In the novel The Stranger Meursault is an existentialist. What seems to be the only thing motivating Meursault in his daily life? How does this affect his relationship with other characters in the novel?
The only thing to which the main character, Meursault, responds in the text are his physical demands - hunger, thirst, sex drive, etc. For example, in the first chapter, Meursault doesn't respond emotionally at all to his mother's funeral and death; instead, he mentions many times how hot it is and how much the sounds of the old people crying annoy him. He spends his time throughout the novel in purely sensory experiences, one of the main ones being cigarette smoking.
Later, in his relationship with Marie, Meursault is driven by his sexual lust for her. She asks if he would like to get married and he says he will but he's not sure if he loves her or not, and probably doesn't. He has no emotional connection to her and only misses her in prison because he misses having sex.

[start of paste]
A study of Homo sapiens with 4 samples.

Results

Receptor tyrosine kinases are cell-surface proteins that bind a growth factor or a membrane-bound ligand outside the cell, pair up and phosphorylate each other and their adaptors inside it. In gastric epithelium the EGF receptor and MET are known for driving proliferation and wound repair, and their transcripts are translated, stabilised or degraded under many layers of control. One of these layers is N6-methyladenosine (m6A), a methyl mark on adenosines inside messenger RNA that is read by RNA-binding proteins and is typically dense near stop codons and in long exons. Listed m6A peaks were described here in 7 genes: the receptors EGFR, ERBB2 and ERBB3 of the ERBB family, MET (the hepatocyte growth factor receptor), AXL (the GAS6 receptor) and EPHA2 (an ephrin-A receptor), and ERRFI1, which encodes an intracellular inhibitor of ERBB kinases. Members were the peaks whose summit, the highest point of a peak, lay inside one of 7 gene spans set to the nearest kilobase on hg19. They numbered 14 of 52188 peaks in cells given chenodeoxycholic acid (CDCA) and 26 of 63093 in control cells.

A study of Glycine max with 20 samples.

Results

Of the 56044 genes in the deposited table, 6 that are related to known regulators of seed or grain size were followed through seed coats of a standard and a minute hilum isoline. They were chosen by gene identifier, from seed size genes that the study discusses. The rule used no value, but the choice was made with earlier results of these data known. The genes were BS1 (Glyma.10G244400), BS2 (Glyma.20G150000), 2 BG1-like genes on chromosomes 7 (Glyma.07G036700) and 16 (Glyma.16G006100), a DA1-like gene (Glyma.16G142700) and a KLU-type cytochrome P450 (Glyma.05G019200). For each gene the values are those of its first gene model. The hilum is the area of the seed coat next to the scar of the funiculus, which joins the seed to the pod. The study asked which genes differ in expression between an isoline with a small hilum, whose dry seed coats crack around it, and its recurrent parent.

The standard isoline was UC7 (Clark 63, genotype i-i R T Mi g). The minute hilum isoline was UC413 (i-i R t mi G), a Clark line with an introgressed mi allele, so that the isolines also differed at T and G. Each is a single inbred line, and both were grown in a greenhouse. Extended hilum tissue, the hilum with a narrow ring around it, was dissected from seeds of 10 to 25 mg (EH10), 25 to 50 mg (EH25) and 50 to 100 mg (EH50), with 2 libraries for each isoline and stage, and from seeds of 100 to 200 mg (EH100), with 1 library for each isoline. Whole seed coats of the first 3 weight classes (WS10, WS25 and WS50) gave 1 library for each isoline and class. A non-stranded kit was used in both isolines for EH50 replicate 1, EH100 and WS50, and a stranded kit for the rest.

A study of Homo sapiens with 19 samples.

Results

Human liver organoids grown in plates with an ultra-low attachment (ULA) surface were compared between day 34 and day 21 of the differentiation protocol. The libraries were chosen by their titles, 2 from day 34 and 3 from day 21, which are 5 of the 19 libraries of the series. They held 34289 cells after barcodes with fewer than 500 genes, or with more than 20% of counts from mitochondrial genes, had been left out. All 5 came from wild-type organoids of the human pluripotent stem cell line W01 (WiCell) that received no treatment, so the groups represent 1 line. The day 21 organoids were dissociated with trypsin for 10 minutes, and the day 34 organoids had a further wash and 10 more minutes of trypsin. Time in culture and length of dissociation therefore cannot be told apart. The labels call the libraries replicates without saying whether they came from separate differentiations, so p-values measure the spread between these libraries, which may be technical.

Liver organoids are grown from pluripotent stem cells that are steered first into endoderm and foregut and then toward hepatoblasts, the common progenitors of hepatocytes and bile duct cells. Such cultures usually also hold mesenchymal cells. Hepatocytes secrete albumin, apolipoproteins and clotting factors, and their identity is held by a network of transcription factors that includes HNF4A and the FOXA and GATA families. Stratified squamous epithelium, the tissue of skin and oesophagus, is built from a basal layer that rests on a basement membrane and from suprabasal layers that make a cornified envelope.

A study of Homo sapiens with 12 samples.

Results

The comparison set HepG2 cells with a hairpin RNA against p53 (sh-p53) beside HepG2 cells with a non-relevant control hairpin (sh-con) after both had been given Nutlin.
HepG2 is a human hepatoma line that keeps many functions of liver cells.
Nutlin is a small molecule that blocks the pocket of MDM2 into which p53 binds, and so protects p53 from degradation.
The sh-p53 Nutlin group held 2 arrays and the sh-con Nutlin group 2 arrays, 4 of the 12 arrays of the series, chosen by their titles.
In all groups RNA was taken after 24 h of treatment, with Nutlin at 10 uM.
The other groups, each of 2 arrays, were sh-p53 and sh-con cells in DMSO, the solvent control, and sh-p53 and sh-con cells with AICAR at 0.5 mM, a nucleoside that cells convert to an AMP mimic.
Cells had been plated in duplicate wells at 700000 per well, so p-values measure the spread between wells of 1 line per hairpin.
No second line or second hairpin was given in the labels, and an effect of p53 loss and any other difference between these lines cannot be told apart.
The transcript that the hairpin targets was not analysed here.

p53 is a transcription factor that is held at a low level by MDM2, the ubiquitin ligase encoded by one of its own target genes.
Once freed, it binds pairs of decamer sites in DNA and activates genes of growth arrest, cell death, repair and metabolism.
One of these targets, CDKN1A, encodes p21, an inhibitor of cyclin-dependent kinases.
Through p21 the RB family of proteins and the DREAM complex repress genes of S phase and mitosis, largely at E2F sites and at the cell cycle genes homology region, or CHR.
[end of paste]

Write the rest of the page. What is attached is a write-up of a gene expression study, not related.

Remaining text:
Finally, one of the most important sensory responses is the one in which he kills the Arab man on the beach. Following a tense altercation, Meursault goes down to the beach. He is hot and uncomfortable, and then the Arab holds up a knife that flashes light in Meursault's eyes. This annoyance sends him over the edge and he shoots and kills the Arab with no provocation. This is the event that sends him to prison and for which he is eventually executed.
This trait affects his relationships with characters in the novel in that they are all surface - his relationship with his mother, Marie, even the Arab whom he kills - are not full of excessive emotion, or really any emotion at all. His interactions are all in the moment, without regard to the future or the past.